The Fall of the Curtain | The Daily Star
12:00 AM, February 21, 2019 / LAST MODIFIED: 12:00 AM, February 21, 2019

The Fall of the Curtain

There was a time when I used to live on a stage with ten other people. There wasn't an audience watching us but we weren't trying to please anyone. We were simply taking part in a play with scenes as diverse as possible. The curtain never fell and the sun coexisted with the moon, each of them being on either side of the dome that shrouded our little theater. I was not left alone for a single second. There we were, running from one end of the stage to the other, thinking our play would last forever, cherishing the change of scenes, the new acts, the charming props. 

The moon kept its watch over us, but nothing could stop my fellow actors from leaving the stage when it was time for them to leave. Giving the rest a sad glance, each left for the land of hopes and discoveries. I thought it was simply an illusion; our play would never come to an end. But a play does not need all of its characters to survive. The only thing that brings it to its end is a curtain and believe me, the curtain never fell for good. It fell a few times, signaling the end of a scene, but then it rose again, revealing the sun and the moon positioned on each side of the dome.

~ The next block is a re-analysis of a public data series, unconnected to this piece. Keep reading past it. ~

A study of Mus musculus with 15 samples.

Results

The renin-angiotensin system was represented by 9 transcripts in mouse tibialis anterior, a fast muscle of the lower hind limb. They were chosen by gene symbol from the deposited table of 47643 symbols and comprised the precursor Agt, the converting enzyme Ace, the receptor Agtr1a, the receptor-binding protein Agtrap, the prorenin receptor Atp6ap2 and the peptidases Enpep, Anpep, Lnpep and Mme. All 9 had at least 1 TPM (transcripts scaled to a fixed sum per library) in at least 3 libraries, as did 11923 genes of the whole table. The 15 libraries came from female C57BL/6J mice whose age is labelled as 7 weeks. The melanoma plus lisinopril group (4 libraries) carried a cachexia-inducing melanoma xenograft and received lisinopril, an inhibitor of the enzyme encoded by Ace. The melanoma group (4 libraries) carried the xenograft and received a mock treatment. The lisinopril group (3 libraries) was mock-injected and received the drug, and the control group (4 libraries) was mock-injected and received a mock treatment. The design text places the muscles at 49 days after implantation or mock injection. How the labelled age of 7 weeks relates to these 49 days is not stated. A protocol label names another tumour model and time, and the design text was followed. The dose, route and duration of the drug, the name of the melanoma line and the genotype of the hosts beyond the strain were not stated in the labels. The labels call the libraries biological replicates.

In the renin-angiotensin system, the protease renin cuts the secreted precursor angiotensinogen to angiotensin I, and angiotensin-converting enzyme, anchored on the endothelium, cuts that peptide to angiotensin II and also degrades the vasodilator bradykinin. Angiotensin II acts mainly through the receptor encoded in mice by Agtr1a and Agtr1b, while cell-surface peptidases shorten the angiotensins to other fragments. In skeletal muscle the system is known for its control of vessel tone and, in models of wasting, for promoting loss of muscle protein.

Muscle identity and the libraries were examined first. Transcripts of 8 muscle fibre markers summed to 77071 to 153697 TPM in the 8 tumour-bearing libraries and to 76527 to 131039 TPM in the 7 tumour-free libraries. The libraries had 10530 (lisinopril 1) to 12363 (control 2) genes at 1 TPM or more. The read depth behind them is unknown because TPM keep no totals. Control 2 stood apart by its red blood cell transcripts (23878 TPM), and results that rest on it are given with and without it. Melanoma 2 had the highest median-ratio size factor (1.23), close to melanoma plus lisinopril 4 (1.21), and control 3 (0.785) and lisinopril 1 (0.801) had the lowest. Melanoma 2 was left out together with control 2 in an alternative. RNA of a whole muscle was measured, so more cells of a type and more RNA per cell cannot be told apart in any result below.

Very soon I realised I was the only actor left on the stage. My fellow actors were dwelling in plays of their own, in identical theatres without the presence of any staff, any audience. Crouched alone in one corner of the stage, I watched in silence as new props appeared on the stage every other day. There were only three things that remained untouched and unchanged: the star, the satellite and I.

Waking up one day, I found myself in an exhibition with photos of birds hung on clothes serving as walls. I had been in such an exhibition before, that time with the deserters. Flower crowns had appeared on our heads and, once we were done admiring all the photos, we sat down on the stage, nobody talked, nobody sang, silence took the reins. We were the temporary rulers of a kingdom that changed every day and never fell into ruins.

I heard footsteps. My heart jumped — did someone come back? Had their new theatre ceased to be charming? Had they decided to help me bring down the curtains for good? Would an old friend greet me with their arms wide open? Would a smile meet the eyes that hadn't witnessed human emotions in months?

Feeling hopeful, I turned around and found myself staring at a stranger. “Who are you?” I asked. Having not been used in months, my voice sounded raspy.

He whispered, “I arranged this exhibition.”

“Did you now?” I asked.

He nodded and then suddenly, he disappeared, leaving behind a mass of fog. I looked around and discovered that the photographs had disappeared too. I was used to such ominous changes of scenes and decided to forget what had just happened. Perhaps the man I had just talked to was one of the many props arranged by the mysterious forces that controlled the play. But then, to my terror, I realised that the sun perched on one end of the dome had disappeared as well. Panicking, I turned my eyes towards the direction of the moon and found it gone as well. But then, to my grim satisfaction, I realised what was happening. There was a metallic sound. And then the curtain fell.